Freezing rain is defined as rain kept at below-freezing temperatures by the surrounding air, which subsequently freezes on contact with things like roofs, trees and roads.
Freezing rain is comprised of liquid droplets - unlike snow, ice pellets, or hail. Water droplets are supercooled while falling through below-freezing air at higher altitudes, then freezing upon contact with any surface at ground level. The resulting glaze ice can build up to a thickness of several centimeters, adding weight to trees and buildings, and making travel very difficult.
Rain on Frozen Ground: Periods of heavy rain can cause flooding in some places at any time of the year, and if you combine rain with frozen ground, the flooding becomes worse. Heavy rain is less prevalent during Canadian winters, but when it does happen it can make a real mess - and with the way weather is trending in recent years, will likely happen more often. Homeowners and building managers need to prepare as best as possible, for when these weather events occur.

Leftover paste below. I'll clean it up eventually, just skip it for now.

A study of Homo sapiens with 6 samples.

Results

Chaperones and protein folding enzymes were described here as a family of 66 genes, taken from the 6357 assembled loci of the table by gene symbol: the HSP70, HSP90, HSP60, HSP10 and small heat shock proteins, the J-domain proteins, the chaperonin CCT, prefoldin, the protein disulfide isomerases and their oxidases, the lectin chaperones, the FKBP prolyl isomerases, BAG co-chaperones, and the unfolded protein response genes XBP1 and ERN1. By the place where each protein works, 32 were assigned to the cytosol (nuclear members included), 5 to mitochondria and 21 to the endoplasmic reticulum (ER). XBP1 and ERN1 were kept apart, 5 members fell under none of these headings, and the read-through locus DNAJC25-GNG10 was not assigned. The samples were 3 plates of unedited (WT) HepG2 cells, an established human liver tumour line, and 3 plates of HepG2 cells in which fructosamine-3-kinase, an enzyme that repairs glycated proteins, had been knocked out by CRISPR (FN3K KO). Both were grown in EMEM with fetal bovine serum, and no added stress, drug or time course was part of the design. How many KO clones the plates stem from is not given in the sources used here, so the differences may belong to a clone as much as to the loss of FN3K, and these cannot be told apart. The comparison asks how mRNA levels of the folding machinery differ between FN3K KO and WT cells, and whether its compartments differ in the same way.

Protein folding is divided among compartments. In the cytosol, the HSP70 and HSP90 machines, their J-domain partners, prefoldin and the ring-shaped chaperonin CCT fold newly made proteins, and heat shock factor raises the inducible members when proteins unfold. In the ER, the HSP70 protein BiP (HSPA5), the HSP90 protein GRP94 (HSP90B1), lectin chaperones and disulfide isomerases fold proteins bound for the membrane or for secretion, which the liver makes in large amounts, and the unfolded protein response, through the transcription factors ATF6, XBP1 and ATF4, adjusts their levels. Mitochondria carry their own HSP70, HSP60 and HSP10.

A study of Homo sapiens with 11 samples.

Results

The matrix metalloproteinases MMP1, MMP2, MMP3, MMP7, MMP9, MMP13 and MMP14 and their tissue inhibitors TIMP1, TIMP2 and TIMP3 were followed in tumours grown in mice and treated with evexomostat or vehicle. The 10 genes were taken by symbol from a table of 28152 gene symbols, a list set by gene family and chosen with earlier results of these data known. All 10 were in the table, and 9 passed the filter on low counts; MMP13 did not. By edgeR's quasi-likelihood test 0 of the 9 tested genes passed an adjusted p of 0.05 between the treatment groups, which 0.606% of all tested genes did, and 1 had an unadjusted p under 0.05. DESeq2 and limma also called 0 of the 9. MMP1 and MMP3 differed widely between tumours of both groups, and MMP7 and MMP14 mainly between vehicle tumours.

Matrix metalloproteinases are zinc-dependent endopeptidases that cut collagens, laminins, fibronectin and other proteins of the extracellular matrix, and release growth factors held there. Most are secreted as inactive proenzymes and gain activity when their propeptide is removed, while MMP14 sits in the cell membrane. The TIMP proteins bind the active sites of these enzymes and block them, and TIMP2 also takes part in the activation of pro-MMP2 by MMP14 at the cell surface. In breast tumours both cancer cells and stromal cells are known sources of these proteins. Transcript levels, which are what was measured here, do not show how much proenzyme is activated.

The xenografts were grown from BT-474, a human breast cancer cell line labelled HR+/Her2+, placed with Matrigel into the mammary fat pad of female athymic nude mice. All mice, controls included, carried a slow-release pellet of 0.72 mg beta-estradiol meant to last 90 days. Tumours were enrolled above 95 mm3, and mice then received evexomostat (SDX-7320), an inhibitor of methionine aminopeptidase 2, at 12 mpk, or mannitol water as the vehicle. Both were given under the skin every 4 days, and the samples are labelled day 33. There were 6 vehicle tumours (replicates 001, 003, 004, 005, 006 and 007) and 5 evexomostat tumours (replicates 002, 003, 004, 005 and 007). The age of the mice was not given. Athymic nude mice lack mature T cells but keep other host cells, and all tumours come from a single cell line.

Short of flash floods and other calamitous events affecting entire neighbourhoods, which can be all but impossible for individuals to protect against, there's a lot homeowners can do to limit damage to their property during today's ever-changing winter weather.
Sump pumps can help guard against basement wetting, and basements in modern homes are more resistant to seepage, however pumps can fail and basements aren't boats. Protecting a basement from water ingress starts with reducing the amount of water accumulation around the outside of foundations. In the majority of cases where water has entered a basement, the source of the water can be traced back to the roof of the same house.
Storm and melt water will run off wetted or frozen soil, as well as other surfaces like drives and walkways, so it is important these surfaces be sloped away from foundations. It is also important that gutter downpipes discharge roof water beyond any point at which it can pond near foundations.
Basement waterproofing and water control systems can be implemented in the majority of homes, however the best defence begins with storm water management, including an effective roof drainage system and good lot grading - which in the majority of cases provide the necessary mitigation at a substantially lower cost.
Gil Strachan is a professional home inspector, representing Electrospec Home Inspection Services in east-central Ontario since 1994.